It is still unclear why police shut down the Ethiopia premiere of Difret, which tells the story of a child bride.

Posted on September 4, 2014, at 5:46 p.m. ET

Police shut down the Ethiopia premier of the film Difret, produced by Angelina Jolie, midway through the event on Wednesday, the Ethiopian news site Awramba Times reported.

In a recording of the event published by Awramba Times, director Zeresenay Berhane Mehari told the audience that the police had a court order to stop the event, though the exact cause for the closure remains unclear.

Difret tells the story of a 14-year-old Ethiopian girl who is abducted and forced into marriage. The film premiered at the 2014 Sundance Film Festival and won the Audience award. Jolie was the executive producer for the film, which was produced by Haile Addis Pictures.

Child marriage is a common practice in Ethiopia (despite being illegal) and remains a taboo topic. The Ethiopian government is also quick to crack down on any dissent and provides little room for freedom of expression.

A video shared by Awramba Times shows people smiling for photographs before the premiere at the National Theatre in the capital, Addis Ababa. Then the video cuts to a pre-recorded message from Angelina Jolie, who did not attend the event.

"I hope you will continue to make films that will advance the art of film-making, share untold stories of Ethiopia, and shed light on our common humanity," Jolie told the audience.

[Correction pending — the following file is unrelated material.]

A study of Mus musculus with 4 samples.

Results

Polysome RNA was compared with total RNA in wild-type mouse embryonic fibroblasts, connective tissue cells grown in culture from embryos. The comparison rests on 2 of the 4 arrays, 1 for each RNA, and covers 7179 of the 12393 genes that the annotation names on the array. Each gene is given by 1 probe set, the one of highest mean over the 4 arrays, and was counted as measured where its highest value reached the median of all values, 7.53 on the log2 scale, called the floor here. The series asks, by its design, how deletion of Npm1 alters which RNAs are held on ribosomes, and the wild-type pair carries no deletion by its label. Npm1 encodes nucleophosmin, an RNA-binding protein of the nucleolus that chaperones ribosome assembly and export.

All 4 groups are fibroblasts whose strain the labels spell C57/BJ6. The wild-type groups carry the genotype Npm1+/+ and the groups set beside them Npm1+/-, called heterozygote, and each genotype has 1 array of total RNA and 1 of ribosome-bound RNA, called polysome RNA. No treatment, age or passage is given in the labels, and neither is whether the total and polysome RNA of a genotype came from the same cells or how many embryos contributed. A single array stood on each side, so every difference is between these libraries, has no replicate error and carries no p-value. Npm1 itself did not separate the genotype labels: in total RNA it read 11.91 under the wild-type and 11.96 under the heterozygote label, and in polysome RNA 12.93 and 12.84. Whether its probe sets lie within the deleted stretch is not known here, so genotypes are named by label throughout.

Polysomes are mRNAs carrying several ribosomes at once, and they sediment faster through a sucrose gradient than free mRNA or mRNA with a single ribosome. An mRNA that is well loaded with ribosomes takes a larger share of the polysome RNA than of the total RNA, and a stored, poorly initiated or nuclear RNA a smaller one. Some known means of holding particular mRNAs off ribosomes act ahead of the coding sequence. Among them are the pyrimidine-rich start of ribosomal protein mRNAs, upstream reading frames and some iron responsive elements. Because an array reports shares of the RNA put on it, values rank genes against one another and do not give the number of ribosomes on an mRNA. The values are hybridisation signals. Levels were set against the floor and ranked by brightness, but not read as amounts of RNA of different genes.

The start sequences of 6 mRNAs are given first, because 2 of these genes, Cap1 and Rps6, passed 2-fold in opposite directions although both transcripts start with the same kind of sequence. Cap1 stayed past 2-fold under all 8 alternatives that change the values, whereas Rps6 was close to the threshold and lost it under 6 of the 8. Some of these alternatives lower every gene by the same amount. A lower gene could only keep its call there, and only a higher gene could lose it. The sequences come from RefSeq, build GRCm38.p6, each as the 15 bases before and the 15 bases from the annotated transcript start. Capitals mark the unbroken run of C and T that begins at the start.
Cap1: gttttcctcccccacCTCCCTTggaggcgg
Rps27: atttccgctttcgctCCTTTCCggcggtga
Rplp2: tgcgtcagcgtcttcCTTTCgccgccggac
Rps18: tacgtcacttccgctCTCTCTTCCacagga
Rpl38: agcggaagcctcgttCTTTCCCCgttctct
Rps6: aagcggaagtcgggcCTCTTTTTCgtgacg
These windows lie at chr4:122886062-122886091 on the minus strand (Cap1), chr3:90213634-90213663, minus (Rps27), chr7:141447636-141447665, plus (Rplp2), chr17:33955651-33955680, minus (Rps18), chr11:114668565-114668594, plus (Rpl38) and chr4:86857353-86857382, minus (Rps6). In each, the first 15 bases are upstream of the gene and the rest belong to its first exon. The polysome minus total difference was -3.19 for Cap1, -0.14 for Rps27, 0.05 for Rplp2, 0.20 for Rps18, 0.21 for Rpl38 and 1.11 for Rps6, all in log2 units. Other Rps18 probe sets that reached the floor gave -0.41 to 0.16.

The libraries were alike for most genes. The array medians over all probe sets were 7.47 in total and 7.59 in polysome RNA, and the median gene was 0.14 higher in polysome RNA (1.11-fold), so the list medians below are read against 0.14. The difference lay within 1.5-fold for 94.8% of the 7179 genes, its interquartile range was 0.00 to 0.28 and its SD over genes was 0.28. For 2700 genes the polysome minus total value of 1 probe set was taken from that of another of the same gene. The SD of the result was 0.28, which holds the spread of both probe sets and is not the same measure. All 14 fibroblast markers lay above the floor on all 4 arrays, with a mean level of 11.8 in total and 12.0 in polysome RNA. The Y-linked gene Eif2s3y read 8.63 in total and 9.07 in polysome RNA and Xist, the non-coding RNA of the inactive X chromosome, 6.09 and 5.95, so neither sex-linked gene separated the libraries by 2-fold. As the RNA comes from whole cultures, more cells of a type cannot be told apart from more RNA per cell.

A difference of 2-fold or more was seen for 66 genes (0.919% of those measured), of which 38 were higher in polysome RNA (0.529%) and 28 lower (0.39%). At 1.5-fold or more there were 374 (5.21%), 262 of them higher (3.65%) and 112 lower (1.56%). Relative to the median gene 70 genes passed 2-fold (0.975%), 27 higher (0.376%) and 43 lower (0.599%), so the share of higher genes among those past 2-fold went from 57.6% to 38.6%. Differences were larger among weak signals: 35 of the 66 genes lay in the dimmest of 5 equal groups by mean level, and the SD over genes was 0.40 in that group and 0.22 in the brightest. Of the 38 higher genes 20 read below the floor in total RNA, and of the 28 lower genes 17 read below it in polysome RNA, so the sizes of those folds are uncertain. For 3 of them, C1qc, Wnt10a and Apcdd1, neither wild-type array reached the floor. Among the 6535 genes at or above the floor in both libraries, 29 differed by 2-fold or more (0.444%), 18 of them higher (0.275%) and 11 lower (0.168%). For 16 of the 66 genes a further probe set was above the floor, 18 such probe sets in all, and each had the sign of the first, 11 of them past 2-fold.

Then the video cuts again to the director, Mehari, who, with his child in one hand and a microphone in the other, speaks in Amharic and then English to tell the audience that the government has canceled the event.

"Um, hold on one second. Distinguished guests, ambassadors, this is really embarrassing. We were just told by police that we need to stop this film because there is a court order on it. We have not been informed of this prior. The ministry of culture knows about this. The government knows about this. Everyone knows about this. And this is the first time we are hearing about this. This is obviously an attack on us and I'm really sorry for this to happen. I hope we will be able to see you again."

The audience appears shocked and the camera continues to film as people exit the building. The man behind the camera asks several people what they think of what happened — and they all decline to directly answer. "I will reserve my comments to myself," said one man.

BuzzFeed has reached out to Angelina Jolie and Haile Addis Pictures for comment.